Trumpian approach to immigration

Evelin Hernandez holds a sign reading

Evelin Hernandez holds a sign reading "My dreams matter. Don't shatter them." in Minneapolis on Tuesday in protest of the Trump administration's decision to end the Deferred Action for Childhood Arrivals program, known as DACA. Credit: AP / Renee Jones Schneider

The unauthorized immigrants protected by the Deferred Action for Childhood Arrivals program, or DACA, are an extraordinarily sympathetic group regardless of where one stands on illegal immigration: brought to the United States as children and raised here, most have never known any other home country.

The Trump administration’s newly announced decision to end the Obama-era program, potentially exposing nearly 800,000 to deportation, has been met with intensely negative reactions across the political spectrum — which is unsurprising. What’s remarkable is that the administration itself seems conflicted. This confusion exemplifies the schizophrenic contradictions of our policy toward immigrants in the country illegally.

In his written statement on ending DACA, President Donald Trump asserted that he did not “favor punishing children, most of whom are now adults, for the actions of their parents” — but that he had to end the program, which grants work permits, social security numbers, and other benefits to its recipients, because it violates the law. The Obama administration created DACA by a policy memorandum in 2012, after Congress repeatedly failed to pass the Development, Relief, and Education for Alien Minors Act (or “DREAM,” from which these immigrants get their emotionally charged nickname “Dreamers”). Critics regard this as an unconstitutional abuse of executive power; other legal experts disagree. The Justice Department’s Office of Legal Counsel has said the program is legal, but only if it allows for case-by-case reviews of applications.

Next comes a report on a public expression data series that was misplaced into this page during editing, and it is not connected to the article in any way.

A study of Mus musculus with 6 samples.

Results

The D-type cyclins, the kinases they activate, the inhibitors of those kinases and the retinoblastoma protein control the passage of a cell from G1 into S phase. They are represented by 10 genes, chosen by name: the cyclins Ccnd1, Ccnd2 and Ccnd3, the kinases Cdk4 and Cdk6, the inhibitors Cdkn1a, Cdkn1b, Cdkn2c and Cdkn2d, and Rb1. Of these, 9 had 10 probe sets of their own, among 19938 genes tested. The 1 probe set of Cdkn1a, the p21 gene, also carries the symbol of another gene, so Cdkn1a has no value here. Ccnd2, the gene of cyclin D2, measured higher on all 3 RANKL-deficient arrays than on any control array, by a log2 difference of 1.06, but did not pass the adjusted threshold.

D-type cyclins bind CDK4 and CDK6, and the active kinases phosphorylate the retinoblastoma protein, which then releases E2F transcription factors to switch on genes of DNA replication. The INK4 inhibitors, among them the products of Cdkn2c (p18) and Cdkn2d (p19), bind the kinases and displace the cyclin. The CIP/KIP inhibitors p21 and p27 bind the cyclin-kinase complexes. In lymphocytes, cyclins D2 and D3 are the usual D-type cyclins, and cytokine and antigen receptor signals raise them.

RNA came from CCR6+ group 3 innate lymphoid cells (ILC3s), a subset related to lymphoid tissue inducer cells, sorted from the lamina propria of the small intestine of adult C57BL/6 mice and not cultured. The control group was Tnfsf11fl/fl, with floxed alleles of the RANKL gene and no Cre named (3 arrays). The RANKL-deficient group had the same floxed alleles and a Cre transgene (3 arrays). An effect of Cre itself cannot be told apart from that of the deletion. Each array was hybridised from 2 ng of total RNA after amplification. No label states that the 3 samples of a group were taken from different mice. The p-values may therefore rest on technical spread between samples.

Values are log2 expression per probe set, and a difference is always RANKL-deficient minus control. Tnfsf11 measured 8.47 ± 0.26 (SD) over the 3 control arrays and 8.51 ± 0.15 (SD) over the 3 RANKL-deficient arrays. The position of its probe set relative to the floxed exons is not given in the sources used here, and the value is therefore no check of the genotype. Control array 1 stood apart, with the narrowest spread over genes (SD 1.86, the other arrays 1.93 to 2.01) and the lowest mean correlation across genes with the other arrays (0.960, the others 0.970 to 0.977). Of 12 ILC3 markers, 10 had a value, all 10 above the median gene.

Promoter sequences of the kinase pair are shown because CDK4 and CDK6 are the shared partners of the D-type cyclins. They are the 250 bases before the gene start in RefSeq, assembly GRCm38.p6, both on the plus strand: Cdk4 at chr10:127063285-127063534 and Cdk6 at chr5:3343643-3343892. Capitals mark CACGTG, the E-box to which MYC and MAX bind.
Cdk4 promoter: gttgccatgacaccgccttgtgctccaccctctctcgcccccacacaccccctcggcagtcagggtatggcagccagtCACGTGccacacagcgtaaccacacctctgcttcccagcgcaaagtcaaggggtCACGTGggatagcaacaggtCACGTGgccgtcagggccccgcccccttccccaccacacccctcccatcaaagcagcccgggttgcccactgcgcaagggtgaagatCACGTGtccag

When Attorney General Jeff Sessions gave the speech announcing the administration’s plan to end DACA six months from now, his comments emphasized the program’s supposed harms aside from the issue of legality. He claimed that DACA had “contributed to a surge of unaccompanied minors on the southern border.” (Untrue: the policy covers only people who have resided in the United States since 2007.) He asserted that it “denied jobs to hundreds of thousands of Americans by allowing those same jobs to go to illegal aliens” — a standard, and repeatedly debunked, anti-immigration talking point.

Yet the very next day, Trump sent out a game-changing tweet: “Congress now has 6 months to legalize DACA (something the Obama Administration was unable to do). If they can’t, I will revisit this issue!”

Leaving aside the petty jab at Barack Obama, is Trump asking Congress to legalize what his own attorney general just said was a terrible program? So it seems. Is he saying that he will reverse the DACA reversal if Congress doesn’t do that? He’s certainly hinting as much.

Writing in the left-of-center magazine, The Intercept, journalist Ryan Grim argues that Trump is backpedaling because going after the “Dreamers” is not a winning move politically. A June poll found that only 14 percent of all Americans, and 22 percent of Republicans, want them deported — while more than two-thirds of Republicans want them to stay here legally and half support granting them citizenship.

In the meantime, the Department of Homeland Security is still accepting applications for two-year work permit renewals under DACA, creating additional questions about whether the program is actually ending.

For now, DACA remains in limbo. But it is also worth noting that the program itself is a kind of limbo, giving its recipients some residency right but not permanent residency or a path to citizenship; their investment in being Americans remains limited.

A far saner approach would be for Congress to create a path to citizenship, not only for “Dreamers” but also for other immigrants here illegally who have led productive American lives and have deep ties to American communities. But our policy remains hostage to a small minority of Republicans obsessed with the menace of immigrants here illegally.

Expect more Kafkaesque half-measures.

Cathy Young is a contributing editor to Reason magazine.